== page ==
Why winter “longjogs” are making me stronger and my body more efficient

It’s almost winter. And after a short season break most athletes are starting their winter programs. The focus of these programs normally lies on endurance and strength. As two of my three 2013 goals are “running only”-goals, I am trying to add much more running strength and endurance to my trainings. Here are some ideas to think about.

Low heart rate
My long trainings will be at low heart rate (approx. 65-70% of max.). This will allow my muscles to gain endurance the most effective way. With these long trainings, the body will increase the capacity to absorb oxygen.

Running without (sweet) nutrition
I also found out that by performing in the cellar of my speed band I don’t have to add carbohydrates. My engine is getting more efficient and it will learn to access other sources of energy. Ever done an easy and long sunday morning run without breakfast? For the real long runs I prefer to take something with low short chain sugar content with me. So there is no gel in advance but maybe one on the safe side in my back pocket (Winforce Energy Complex as a fallback or Winforce Carbo Basic Plus for an empty start).

Running up
Running uphill over long distances with moderate incline will help you to add more strength to your legs and work on your running technique as you’re running into the mountain and your upper body is looking more forward than running flat.  I think that 3 to 5% is already a nice incline, allowing starters to enter and more ambitioned runners to run at a reasonable speed at low heart rate. But watch out your heartbeat, if it’s going up to fast, just walk at a solid pace in your range and go over to running the track becomes more flat or the heart-rate is too low.

or a bit slower with two tyres, as this Spartan is doing it.

The perfect mountain-tour
What goes up must come down. Try to find tracks allowing you to go up at least on the double of the distance you need to come down. The shorter but harder run downhill – if your knees can handle that – will force your already fatigued body to work with the beats coming up the upper legs and core area. In most forests you can choose the normal (car) route to go up and the fall line to come down. That’s also a very good moment to turn-up the engine a bit towards your threshold and development area two or three times for a few minutes each.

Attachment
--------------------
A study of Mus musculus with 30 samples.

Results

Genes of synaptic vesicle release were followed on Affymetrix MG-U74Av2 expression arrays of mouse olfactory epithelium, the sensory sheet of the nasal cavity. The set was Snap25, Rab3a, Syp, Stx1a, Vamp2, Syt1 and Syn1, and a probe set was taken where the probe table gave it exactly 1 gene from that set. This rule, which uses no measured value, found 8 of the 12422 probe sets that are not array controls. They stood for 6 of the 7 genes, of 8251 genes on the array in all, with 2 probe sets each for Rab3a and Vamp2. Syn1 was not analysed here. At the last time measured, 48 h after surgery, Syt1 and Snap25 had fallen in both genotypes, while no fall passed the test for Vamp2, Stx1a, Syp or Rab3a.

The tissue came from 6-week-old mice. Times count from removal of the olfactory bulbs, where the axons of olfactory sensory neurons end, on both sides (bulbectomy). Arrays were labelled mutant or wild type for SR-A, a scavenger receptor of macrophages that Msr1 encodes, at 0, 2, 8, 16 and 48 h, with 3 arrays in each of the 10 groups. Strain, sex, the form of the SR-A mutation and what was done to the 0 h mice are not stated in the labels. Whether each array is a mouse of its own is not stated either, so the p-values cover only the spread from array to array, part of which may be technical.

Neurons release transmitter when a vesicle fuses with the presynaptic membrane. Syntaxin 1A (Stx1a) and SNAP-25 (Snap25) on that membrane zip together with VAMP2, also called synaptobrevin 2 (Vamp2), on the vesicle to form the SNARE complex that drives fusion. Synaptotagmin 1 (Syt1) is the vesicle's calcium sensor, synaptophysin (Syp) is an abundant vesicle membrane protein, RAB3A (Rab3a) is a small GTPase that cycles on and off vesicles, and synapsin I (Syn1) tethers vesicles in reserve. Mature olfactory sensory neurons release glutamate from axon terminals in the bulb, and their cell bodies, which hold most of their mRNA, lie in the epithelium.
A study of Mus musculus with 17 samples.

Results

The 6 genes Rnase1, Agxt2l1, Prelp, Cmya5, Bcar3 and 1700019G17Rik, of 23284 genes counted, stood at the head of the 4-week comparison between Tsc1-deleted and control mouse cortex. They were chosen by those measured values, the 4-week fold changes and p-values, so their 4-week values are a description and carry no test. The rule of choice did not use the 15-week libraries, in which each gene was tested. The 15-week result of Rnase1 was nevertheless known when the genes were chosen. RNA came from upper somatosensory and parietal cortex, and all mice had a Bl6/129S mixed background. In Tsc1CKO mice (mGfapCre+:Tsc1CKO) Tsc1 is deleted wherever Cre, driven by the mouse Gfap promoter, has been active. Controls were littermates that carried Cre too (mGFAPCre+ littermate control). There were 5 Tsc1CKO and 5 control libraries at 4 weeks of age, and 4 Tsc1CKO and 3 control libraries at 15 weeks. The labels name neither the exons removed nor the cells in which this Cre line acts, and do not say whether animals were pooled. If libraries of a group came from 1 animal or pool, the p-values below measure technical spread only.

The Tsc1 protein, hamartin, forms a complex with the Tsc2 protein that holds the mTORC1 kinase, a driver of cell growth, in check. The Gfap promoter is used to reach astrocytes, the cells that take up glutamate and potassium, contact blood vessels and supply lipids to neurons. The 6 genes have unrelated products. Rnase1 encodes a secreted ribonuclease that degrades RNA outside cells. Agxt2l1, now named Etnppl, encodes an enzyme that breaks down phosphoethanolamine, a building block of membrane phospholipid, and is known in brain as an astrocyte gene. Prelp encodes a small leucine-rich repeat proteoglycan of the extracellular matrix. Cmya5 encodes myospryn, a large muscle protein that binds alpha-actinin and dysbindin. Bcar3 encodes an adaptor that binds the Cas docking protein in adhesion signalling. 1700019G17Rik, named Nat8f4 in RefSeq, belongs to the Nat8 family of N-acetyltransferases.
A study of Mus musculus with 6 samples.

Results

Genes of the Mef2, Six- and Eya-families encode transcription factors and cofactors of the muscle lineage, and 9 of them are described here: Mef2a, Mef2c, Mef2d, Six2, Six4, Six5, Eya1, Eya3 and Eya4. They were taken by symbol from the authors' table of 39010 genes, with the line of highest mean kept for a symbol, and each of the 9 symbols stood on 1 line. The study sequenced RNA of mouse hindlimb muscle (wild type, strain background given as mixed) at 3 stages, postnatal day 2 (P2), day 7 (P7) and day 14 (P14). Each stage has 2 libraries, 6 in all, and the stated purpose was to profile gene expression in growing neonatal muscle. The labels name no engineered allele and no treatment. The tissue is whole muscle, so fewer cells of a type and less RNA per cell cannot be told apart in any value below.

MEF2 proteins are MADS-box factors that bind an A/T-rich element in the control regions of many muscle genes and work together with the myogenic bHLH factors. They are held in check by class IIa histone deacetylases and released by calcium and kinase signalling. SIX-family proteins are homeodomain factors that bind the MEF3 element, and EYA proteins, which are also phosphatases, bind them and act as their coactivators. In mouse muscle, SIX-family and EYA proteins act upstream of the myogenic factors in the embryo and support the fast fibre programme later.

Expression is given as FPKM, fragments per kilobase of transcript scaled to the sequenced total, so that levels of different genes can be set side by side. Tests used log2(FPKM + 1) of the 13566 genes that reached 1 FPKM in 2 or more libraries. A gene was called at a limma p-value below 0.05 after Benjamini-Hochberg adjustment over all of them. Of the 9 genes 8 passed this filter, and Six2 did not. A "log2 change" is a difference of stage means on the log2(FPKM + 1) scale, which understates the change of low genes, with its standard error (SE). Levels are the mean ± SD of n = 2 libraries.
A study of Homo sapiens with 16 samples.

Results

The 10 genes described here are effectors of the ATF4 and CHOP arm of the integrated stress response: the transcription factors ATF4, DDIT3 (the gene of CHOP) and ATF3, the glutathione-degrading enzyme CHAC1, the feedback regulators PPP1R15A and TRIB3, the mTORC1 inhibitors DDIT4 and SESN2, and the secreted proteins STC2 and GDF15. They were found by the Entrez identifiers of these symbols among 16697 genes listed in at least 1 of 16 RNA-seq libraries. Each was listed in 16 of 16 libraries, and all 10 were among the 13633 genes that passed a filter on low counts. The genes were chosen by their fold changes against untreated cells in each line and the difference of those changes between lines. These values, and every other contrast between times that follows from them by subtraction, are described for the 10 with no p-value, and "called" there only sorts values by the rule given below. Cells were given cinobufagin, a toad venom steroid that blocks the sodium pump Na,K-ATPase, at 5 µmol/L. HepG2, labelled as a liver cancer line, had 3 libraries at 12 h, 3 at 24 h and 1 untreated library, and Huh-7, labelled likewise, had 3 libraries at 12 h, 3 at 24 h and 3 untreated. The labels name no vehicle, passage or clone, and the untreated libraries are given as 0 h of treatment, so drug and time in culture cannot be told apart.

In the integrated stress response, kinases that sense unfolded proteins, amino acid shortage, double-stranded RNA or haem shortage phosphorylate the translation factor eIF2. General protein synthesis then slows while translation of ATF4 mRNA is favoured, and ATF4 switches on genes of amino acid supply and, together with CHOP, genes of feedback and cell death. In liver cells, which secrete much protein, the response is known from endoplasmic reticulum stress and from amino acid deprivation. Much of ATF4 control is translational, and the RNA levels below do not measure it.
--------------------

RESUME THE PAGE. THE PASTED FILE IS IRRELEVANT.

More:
It can be fun, look at this …

Adding more strength
For my adventure on Iceland I’ll train with a backpack which I am going to fill step by step up to 12 kilos. This additional weight will make my training more effective and demand more power from legs and core. So, why not running with a backpack anyway? You can add weight or just a bottle of white wine for the summit. But start slowly, not this way 😉

Extra Long
With a spinning session in advance or a hard weight work-out you can enter your long jog pre-fatigued. This will help a lot to work on efficient running and core stabilisation. So why not investing the long summer bike ride time in a long winter brick training with spinning and a longjog outside.

Protein
After this type of training I normally don’t feel empty. So I don’t have to fill up the carbo reservoir. As my muscles worked a lot I am drinking a protein shake right after the training. Normally I’m doing a “mise en place” to drink it within a few minutes after the run, right before the stretching. It will help your muscles to regenerate and you wont be that sore the day after. Most of the “Regenerade” products have a very high content of carbohydrates. Go for the higher protein amount to support your muscles and have a good meal later 😉 Very effective is the Winforce Power Protein with more than 80% of high quality proteins.

Stretching
Investing 3 hours in a brick-training is a good thing. But don’t forget to add an additional 15 minutes for stretching your legs, core and back. A good example of relaxing but highly efficient stretching is doing it on the floor with a (yoga) belt. The efficiency of this type of stretching is very high as you’re stretching not only your full leg but also your “rear section” and your back. Varying the position of your leg (middle, lay down to one side, lay down to other side and over your other leg) makes it even more efficient and stretching the inside and outside part of your legs. Recovery really starts here.

After the recovery from my Achilles problems I am going to start mid of november with 90 minutes spinning, followed by running 90 minutes and 15 to 30 minutes of stretching and a bit of core training (almost all other weeks in a group HERE). Till spring I will add stepwise duration, backpack weight and uphill time to make the workout more and more effective. This will grow up my engine.

 

And there is an excellent article about it right here: http://the5krunner.com/2012/11/12/long-slow-runs-for-5k-so-i-need-to-bother-and-if-i-do-what-is-a-lsr/


don't fear your inner weak. face it.